The need for indicators
Transport ministries, roads authorities, donor agencies and the road construction industry all assume that publically-funded road construction and maintenance will enable private sector operators to run appropriate rural transport services. Road investments are justified by anticipated reductions in vehicle operating costs that will (it is assumed) lead to improved transport services. The crucial assumption that private operators will provide appropriate rural transport services in response to road investment is seldom verified, partly due to lack of agreed indicators of rural transport services. Indeed there are many examples in Africa of motorable roads that lack regular and predictable rural transport services.
Rural women, men, children and those with special needs will have opinions as to whether the transport services that link them to markets, employment, healthcare and services are sufficiently frequent, affordable, comfortable, safe and reliable. Those planning and implementing development investments require ways of measuring these parameters so they can compare access provision over time and distance, in order to monitor changes and prioritise interventions.
Rural Access Indicator
The World Bank’s Rural Access Indicator (RAI) equates rural access to proximity (2 km) to a motorable road, ignoring transport services. This long-term development indicator is relatively ‘unresponsive’ to anything except motorable roads. The Rural Access Indicator is the same if the road two kilometres away is paved and has frequent, cheap transport services or is an eroded (but passable) track with one public transport truck a week charging high fares. Upgrading a rough track to a paved road does not affect this indicator despite people’s greater access to markets, services and economic opportunities. There is need for another indicator that will complement the RAI and provide some means of assessing how rural transport services are meeting the access needs of rural populations.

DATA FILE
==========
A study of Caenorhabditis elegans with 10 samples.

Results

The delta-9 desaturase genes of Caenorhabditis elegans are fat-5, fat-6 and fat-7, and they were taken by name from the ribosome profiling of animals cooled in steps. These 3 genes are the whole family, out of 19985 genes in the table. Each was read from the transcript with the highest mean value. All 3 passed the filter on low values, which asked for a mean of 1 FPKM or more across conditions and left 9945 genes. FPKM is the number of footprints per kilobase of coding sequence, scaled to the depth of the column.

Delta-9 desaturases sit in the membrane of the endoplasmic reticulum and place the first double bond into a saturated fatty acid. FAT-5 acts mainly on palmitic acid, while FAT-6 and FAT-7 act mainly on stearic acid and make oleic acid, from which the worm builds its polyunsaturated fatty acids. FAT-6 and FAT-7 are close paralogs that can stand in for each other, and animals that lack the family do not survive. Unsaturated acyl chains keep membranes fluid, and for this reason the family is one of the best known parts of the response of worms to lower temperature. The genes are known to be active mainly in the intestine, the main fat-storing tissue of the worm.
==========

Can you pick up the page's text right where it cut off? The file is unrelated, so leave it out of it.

Rural Transport Services Indicators
The research team wish to identify and test indicators that can ‘measure’ rural transport services in ways meaningful to the key stakeholders. If practicable, the Rural Transport Indicators should be consistent and replicable and allow appropriate comparisons over time and space. They should be based on data that is easy to collect and should measure parameters that are relevant to the main stakeholders (passengers, operators, regulators, road authorities and development agencies). The transport service indicators must be responsive to improvements in rural transport services, but they should not vary with other changing circumstances. Therefore, social indicators such as ‘travel time to the nearest medical centre’ cannot be used as these would change in response to changes in health care facilities.
Key indicator components are likely to include actual passenger fares, frequency and journey time. If practicable, they should also reflect safety, security, reliability, predictability, accessibility and comfort, taking into account issues concerning gender, age, disability and socio-economic disadvantage. Other issues may include transport capacity, freight transport and alternative modes of transport.